A California man was rescued by authorities after his 50-foot-boat was hit by a whale as he sailed about 40 miles from the western coast of Mexico.

Max Young, 67, was on his final leg of a trip from the East Coast to a marina in Emeryville, Calif., when the whale struck his boat, reports said. Young is an experienced captain and has been sailing for 30 years, according to his wife, Debra Young. When he was growing up, he worked on his father's fishing boats, she said.

When the whale hit Young's boat, the collision knocked out the steering, and the vessel quickly began taking on water late Tuesday. The Sacramento native stuffed a mattress into the hole in his ship, which was caused when the whale rammed the vessel. He turned on four bilge pumps in an effort to bail out water as fast as he could, because he didn't know how long it would take to be rescued, his wife told the Associated Press.

He quickly activated an emergency beacon alerting the Coast Guard to his current location.

His [radio distress beacon] delivered an exact position to us, contact information that allowed us to quickly discern the sail plan of and number of persons on the vessel, and really took a lot of the search out of the search and rescue, said Lt. Charles Kelly, of the Coast Guard's command center in Alameda, Calif.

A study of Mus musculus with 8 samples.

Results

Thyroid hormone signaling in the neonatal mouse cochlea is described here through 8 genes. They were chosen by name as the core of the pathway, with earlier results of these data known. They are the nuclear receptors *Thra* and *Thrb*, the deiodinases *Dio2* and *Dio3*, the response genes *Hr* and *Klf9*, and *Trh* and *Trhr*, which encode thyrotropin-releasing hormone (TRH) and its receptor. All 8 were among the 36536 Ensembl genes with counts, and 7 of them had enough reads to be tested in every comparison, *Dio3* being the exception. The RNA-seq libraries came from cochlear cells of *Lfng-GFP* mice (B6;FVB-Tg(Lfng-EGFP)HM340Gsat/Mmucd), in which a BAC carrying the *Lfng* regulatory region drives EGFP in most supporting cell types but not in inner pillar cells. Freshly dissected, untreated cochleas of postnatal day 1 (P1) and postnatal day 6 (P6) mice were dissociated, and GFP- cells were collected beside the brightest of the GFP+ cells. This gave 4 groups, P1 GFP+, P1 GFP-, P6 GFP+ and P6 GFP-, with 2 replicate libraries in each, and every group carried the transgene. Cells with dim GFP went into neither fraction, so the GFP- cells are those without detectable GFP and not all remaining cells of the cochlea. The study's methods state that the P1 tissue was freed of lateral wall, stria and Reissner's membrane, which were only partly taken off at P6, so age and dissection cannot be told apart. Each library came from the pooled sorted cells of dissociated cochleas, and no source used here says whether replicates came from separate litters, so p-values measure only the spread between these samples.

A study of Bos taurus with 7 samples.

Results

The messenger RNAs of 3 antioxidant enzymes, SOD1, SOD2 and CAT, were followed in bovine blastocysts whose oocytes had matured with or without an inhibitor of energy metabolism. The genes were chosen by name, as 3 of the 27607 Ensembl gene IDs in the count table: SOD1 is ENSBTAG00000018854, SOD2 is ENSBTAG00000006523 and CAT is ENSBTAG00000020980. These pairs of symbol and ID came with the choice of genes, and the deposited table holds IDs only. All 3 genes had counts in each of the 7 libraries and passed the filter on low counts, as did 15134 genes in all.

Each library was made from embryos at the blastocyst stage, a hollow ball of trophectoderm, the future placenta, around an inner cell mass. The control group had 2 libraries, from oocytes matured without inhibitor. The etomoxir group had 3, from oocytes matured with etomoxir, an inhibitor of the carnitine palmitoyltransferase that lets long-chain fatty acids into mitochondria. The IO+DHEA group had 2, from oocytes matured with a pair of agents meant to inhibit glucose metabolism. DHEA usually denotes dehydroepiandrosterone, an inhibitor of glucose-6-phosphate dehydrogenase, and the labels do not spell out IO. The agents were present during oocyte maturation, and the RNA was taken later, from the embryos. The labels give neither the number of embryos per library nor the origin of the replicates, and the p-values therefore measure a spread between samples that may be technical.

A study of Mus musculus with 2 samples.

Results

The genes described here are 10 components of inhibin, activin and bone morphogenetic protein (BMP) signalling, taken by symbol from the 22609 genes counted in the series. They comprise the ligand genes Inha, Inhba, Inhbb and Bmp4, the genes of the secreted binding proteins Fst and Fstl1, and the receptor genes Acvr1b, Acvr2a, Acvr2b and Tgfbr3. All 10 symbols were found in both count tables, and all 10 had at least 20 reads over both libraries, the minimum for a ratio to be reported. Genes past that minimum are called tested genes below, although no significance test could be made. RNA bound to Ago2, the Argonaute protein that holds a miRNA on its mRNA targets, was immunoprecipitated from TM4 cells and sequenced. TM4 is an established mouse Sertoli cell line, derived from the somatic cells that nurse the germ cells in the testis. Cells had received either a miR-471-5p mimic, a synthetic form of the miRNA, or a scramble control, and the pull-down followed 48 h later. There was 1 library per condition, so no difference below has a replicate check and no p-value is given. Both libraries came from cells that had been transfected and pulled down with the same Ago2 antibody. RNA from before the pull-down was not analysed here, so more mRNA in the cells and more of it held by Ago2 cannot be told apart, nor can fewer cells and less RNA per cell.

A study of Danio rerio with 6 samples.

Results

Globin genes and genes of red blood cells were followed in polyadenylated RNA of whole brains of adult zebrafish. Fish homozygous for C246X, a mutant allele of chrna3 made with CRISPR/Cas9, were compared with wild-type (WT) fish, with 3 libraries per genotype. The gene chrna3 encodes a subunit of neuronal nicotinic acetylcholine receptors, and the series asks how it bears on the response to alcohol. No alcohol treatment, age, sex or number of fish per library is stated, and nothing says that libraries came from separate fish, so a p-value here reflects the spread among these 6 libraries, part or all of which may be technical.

Officials at the Coast Guard command center were able to direct merchant ships to Young's boat.

He was steering the boat and trying to get it back on course, his wife said, according to KTVU. It took him a while to realize he didn't have any steerage at all. It took him a bit longer to realize he was taking on water.

A merchant freighter arrived about 4 a.m., according to NBC. The crew threw Young a rope ladder, and he made his way onto the ship of good Samaritans.

Debra Young said she was able to get in touch with her husband while he was on board the ship; however, he may not make it back to Sacramento for another week.